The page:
In Bihar, as in other states in India, frontline health workers (FLWs) are committed to reducing maternal and child mortality rates. However, data from 2011 landscaping study indicates that most health workers were neither highly educated nor well off. Their abilities were limited by remoteness from centres of learning, and educational and financial status. Their time was limited by family obligations. What option, then, was available to a health worker who was keen to further develop her knowledge and skills?

Could we create an academy that could train 200,000 FLWs at the same time? Where content was standardised and trainers unnecessary? An academy that enabled FLWs to complete the course anytime, anywhere, at a fraction of the cost of face-to-face training?

High quality, standardized training – anywhere, anytime.

Mobile Academy is our award-winning, IVR-based training course designed to expand FLW’s knowledge of life saving preventative health behaviours, and enhance their communication skills. It uses mobile technology that is handset independent, audio-based and accessed via a simple voice call to train FLWs to deliver life-saving information to millions of families.

The Mobile Academy course is divided into chapters, lessons and quizzes, delivered in the voice of our engaging yet authoritative female doctor character, called Dr Anita. Book marking technology enables users to return to the course where they left off, FLWs receive an accumulative pass/ fail score at the end of the course.

FLWs could take the course as quickly or slowly as they liked. Book marking technology enabled users to return to the course where they left off, making it easy for FLWs to take the course in their own time. If they completed the course with a 50 per cent pass mark, they received a printed certificate from the Government of Bihar.



Creative approach

  • Standardised health content – aligned with government guidelines
  • Developed in consultation with FLWs, via an iterative user-centred design process.
  • Written with mathematical precision – in line with desired speed of audio delivery, exact number of words required per minute
  • Localised – developed in local dialects, rich idiomatic phrasing to ensure stickiness, rational as well as emotional arguments to make content appealing and persuasive.
  • Produced using local voice artists, indigenous sound effects to underscore familiarity and acceptance.
  • Multiple rounds of user-tests – checked and fine-tuned for language, comprehension, speed of audio delivery, voice, tone, clarity.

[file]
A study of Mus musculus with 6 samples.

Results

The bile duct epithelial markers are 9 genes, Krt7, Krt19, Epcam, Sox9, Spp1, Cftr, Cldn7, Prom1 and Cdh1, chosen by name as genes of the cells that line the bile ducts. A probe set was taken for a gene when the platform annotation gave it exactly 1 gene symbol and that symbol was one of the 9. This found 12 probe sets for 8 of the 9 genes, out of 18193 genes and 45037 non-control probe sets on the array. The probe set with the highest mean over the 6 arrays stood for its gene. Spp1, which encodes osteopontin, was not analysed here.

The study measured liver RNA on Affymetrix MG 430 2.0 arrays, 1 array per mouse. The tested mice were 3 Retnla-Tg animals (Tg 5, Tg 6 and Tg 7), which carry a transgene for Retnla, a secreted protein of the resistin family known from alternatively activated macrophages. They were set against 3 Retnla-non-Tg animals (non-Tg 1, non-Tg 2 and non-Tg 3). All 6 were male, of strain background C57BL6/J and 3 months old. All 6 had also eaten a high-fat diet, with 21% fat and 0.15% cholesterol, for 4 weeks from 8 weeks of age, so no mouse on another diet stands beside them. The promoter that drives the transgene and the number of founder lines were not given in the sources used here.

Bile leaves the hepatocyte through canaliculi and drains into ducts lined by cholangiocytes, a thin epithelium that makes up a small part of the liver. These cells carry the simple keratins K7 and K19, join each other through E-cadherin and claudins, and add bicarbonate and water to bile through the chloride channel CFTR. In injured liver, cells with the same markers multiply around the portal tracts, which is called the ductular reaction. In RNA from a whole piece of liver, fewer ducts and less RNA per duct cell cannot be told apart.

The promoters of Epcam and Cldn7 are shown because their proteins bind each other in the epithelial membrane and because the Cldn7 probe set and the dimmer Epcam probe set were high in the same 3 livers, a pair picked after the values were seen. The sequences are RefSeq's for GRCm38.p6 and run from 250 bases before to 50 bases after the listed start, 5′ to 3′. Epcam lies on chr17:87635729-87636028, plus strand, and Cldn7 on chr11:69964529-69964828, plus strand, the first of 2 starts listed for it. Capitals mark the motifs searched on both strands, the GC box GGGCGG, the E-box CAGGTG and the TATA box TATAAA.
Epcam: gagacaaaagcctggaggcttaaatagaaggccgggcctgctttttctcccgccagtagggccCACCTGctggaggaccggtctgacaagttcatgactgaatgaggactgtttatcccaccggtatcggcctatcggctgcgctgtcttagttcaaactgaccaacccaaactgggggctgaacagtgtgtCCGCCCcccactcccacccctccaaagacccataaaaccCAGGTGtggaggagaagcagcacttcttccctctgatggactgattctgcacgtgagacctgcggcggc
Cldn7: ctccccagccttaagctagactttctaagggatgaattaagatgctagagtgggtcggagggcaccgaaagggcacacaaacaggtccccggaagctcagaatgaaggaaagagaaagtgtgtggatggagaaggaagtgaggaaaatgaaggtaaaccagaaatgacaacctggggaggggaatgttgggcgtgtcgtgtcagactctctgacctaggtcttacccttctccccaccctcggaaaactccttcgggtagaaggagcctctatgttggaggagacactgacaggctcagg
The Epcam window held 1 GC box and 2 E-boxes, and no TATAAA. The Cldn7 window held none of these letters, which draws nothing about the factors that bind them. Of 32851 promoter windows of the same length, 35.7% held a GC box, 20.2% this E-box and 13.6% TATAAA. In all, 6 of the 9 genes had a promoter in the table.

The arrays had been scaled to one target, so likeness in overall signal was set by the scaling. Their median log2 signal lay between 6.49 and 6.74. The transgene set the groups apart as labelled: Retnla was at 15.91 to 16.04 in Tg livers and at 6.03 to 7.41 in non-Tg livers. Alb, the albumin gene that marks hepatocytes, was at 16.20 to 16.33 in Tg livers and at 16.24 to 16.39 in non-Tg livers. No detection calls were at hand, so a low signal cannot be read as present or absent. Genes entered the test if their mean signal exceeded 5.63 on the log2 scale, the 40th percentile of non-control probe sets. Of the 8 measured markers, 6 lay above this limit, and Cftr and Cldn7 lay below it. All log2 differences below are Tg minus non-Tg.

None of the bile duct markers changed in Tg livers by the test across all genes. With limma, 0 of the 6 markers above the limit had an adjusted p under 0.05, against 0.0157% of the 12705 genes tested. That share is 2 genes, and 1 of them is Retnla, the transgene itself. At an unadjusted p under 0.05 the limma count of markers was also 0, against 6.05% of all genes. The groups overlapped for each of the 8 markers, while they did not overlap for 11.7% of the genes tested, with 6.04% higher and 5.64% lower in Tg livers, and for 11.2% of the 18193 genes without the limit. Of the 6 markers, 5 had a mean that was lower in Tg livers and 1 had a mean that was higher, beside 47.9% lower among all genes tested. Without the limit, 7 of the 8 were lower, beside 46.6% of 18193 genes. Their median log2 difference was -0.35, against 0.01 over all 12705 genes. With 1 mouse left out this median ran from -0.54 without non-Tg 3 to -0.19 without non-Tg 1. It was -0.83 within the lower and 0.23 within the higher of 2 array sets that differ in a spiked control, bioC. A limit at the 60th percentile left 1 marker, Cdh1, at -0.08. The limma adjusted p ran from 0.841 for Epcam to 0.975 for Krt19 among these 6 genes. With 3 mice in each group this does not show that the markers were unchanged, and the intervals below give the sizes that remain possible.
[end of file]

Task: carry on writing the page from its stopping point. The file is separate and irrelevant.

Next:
Accessible, affordable, innovative

An FLW could take the course by dialling a short mobile number from any mobile handset. When the service was first launched in Bihar in 2012, it was made available across the state, through agreements with five of the largest mobile operators in India. FLWs were initially required to pay for the 160 minute course themselves – at less than one cent a minute, the total cost was approximately $1.50. None-the-less, cost remained a barrier in the uptake of the course.

Upon adoption by the government of India in 2016 and its launch on the national platform, Mobile Academy was made available free of cost, from any network, to AHSAs registered in the public health database.


Reach and impact

In 2012, Mobile Academy was launched in 8 districts of Bihar. By July 2014, nearly 50,000 unique users had started the course.


In 2016, Mobile Academy was adopted by the Government of India for nationwide scale-up, as part of its Digital India Mission, making it the first national adoption of an mHealth service globally, potentially reaching over 800,000 FLWs. It is now the largest mobile-based training program for FLWs in the world, with over 300,000 users across 13 states in India and more than 200,000 graduates as on Mar 2019.


Impact evaluations of Mobile Academy have shown that those who take the course find it easy and convenient to do so. FLWs said it increases their confidence and their ability to help rural women and children. An impact evaluation of Mobile Academy in Bihar in 2013, indicated that FLWs who had completed the course had better knowledge of preventative behaviours related to maternal and child health. FLWs also reported an enhanced standing in the community and greater levels of trust, even from men.